Tim Pawlenty was not a good Governor, but he proved to be a remarkable Ruler, constantly grabbing for power and, when attained, using it ruthlessly. Elmer Anderson and Arne Carlson were my idea of good governors.
by Charlie Leck
It seems to me, the question should always be this: What is good for Minnesota and all Minnesotans?
That’s what should drive a good Governor. With that as a test, a Governor becomes less and less a politician, seeking party approval, but a worthy Governor, seeking what is best for the entire state and its entire population.
The best recent example of the latter kind of Governor (and I offer it up reluctantly because there are so many things about him I did not like) was Republican Arne Carlson. He was a hard-nosed negotiator and a political animal for sure, but he went far beyond this in understanding what had to be done for the sake of the entire state. He was the best Governor I ever witnessed at bringing the legislators of both parties in for both whippings and gentle conversation. Arne seemed, to the casual observer, to shoot from the hip, but I can guaranty, as someone who worked for him for a while, that he never did that. He always thought things through, tested his ideas on people he knew could think well, and then refined his ideas based on that examination. He very often abandoned the politically safe approaches in favor of the best approach for the entire state.
Pawlenty, I believe, was the opposite of the Arne Carlson model. Pawlenty is the consummate politician, driven by political goals and aspirations. His “no new taxes” pledge is one of the most harmful political actions ever to happen to Minnesota. At a time when “some” new taxes were vitally important and could have solved some immense problems, Pawlenty forced legislators down paths that weakened our state and made it less efficient in order to keep an unwise political promise.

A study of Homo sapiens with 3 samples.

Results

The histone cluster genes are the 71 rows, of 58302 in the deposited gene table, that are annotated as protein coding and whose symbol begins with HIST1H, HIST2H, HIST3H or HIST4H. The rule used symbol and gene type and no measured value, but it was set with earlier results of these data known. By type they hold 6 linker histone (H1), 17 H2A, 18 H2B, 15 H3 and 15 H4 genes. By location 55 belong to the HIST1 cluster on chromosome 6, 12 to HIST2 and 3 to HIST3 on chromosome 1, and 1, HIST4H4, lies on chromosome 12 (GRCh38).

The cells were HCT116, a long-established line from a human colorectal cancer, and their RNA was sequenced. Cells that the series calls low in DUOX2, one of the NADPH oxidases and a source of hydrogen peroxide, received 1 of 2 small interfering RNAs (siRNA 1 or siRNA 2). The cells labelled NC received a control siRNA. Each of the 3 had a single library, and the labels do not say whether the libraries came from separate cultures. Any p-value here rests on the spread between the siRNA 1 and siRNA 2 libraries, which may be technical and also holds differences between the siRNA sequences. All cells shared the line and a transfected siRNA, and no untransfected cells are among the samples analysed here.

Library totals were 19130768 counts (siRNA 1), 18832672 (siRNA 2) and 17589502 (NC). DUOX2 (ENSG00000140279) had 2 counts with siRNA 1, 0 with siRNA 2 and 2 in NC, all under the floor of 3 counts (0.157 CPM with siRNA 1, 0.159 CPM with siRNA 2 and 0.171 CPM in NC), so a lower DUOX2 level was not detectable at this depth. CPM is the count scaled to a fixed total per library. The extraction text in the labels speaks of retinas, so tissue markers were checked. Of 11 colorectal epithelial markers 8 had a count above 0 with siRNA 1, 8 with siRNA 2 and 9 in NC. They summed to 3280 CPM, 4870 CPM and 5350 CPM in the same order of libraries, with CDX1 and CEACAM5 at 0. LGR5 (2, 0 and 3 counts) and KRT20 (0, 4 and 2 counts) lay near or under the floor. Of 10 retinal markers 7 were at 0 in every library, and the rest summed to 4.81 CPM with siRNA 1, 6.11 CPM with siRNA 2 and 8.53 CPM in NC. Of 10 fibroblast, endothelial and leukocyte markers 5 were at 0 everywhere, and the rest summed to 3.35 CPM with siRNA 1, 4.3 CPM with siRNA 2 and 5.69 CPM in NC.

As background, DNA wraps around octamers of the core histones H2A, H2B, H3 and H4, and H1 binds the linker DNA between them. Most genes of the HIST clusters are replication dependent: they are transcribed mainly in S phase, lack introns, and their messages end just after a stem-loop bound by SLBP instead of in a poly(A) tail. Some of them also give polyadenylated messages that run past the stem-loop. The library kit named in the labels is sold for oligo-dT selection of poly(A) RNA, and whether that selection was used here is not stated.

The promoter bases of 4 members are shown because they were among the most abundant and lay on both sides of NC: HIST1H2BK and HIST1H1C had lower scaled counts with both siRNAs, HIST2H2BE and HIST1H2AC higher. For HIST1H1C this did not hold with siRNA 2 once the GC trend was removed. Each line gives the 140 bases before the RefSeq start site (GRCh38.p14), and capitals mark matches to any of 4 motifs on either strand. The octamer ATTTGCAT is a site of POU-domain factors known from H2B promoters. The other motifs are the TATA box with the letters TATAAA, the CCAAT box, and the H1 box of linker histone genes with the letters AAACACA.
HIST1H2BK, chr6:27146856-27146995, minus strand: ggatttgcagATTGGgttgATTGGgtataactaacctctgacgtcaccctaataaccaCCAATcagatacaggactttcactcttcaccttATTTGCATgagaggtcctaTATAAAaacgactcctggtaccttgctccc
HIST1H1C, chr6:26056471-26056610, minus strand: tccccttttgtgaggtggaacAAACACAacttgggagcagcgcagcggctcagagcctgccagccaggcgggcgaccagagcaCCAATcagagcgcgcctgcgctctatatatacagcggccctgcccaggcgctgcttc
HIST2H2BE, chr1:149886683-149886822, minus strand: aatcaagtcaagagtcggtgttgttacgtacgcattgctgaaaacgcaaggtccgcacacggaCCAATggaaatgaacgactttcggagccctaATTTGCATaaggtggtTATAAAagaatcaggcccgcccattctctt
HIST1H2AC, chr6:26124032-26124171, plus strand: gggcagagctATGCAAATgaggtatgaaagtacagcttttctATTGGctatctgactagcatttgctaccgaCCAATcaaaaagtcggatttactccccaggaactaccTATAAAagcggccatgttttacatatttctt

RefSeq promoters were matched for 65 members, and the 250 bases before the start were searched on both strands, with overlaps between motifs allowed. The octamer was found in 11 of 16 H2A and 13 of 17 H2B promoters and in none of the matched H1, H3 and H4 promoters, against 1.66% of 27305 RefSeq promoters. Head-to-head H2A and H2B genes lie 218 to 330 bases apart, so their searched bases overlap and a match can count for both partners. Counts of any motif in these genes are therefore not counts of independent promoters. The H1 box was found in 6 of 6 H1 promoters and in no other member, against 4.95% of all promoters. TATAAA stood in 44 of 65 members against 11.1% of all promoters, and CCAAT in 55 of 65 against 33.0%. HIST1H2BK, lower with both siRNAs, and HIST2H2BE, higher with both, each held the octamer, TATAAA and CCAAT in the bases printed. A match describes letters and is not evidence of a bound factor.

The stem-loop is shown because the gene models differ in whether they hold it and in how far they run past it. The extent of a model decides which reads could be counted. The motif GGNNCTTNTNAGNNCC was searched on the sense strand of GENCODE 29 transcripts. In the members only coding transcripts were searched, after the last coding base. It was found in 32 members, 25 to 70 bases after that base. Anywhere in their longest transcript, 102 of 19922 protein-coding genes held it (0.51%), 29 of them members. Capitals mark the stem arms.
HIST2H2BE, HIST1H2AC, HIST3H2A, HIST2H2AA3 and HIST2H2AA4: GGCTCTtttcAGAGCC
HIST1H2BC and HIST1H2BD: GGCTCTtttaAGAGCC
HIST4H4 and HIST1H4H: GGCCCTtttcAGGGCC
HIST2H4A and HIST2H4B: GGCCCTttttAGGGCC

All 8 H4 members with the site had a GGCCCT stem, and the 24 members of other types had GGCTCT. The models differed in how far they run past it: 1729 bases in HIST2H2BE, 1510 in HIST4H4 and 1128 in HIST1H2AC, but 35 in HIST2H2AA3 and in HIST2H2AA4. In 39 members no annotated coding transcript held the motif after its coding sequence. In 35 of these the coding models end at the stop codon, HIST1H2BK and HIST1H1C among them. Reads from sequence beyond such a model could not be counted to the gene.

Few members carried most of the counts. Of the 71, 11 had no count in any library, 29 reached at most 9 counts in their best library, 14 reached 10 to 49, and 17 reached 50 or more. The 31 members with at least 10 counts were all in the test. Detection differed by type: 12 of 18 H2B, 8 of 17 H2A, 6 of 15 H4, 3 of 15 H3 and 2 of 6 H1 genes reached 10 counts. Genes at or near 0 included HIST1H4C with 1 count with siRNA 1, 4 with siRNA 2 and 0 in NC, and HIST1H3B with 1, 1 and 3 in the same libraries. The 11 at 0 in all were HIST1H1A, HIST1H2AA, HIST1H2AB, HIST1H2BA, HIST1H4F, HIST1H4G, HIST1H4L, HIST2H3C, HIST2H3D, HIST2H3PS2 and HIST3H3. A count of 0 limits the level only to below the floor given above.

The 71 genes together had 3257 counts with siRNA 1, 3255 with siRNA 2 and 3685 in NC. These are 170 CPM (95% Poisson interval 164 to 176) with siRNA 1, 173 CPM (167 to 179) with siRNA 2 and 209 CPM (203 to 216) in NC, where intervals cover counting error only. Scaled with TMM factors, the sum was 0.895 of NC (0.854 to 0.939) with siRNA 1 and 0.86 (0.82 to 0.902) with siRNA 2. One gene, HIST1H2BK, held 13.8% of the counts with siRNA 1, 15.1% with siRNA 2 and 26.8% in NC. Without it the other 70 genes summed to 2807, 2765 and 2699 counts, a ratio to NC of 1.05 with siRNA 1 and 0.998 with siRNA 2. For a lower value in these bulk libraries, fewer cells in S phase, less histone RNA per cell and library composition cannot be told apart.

Tim Pawlenty ruled with an iron fist. Arne Carlson, in times like these, would have governed. He would never have sacrificed his core and deeply held moderate-conservative positions, but he would have driven parties together instead of apart. Carlson knew that the essence of good politics is compromise, in the finest sense and definition of the word. Compromise could be for the good of the state and not a desperate act of surrender.
When I rate the quality of Minnesota Governors in my life time, it is odd that I come up with two Republicans who reside at the top of the list. My pals in the Democratic Party may wince, but that’s just the way it is – Arne Carlson and Elmer Andeson. They were both Governors who did not attempt to rule. They governed.
Andersen held office from 1961, through all of ’62 and until March 20, 1963. It’s interesting that his father’s name was Arne. Andersen was defeated in his attempt at a second term of office. It takes some separation in time to understand a person’s worthiness and success. Anderson’s contributions as both Governor and after he left office were worthy and valuable for our state. Nowadays, he is both fondly remembered and highly esteemed. He died in November, 2004.
I first met Arne Carlson when he came to my office on the Southside of Minneapolis in 1967, seeking help in his run for Mayor of Minneapolis. I gave him the courtesy of a long and respectful conversation, even though I had already made up my mind to vote for and support his opponent. It is a remarkable testimony to his character that he never held that against me and, over the years, we grew to be quite close friends. He even put me to work for awhile, when I needed work the most.
Freak occurrences and circumstances of political history, quite accidently and coincidently, led him to the Governor’s office. How lucky we were. He was tough. He was sometimes mean. Yet, he knew when to stand-down and when to fight. He was a master of bringing sides together. We need such leadership again. Carlson, who lives these days in Forest Lake, is always prepared to offer his opinion on issues of government and politics. I always enjoy listening to him. He always seems to be a man among boys. Minnesota needs someone like him again – right now!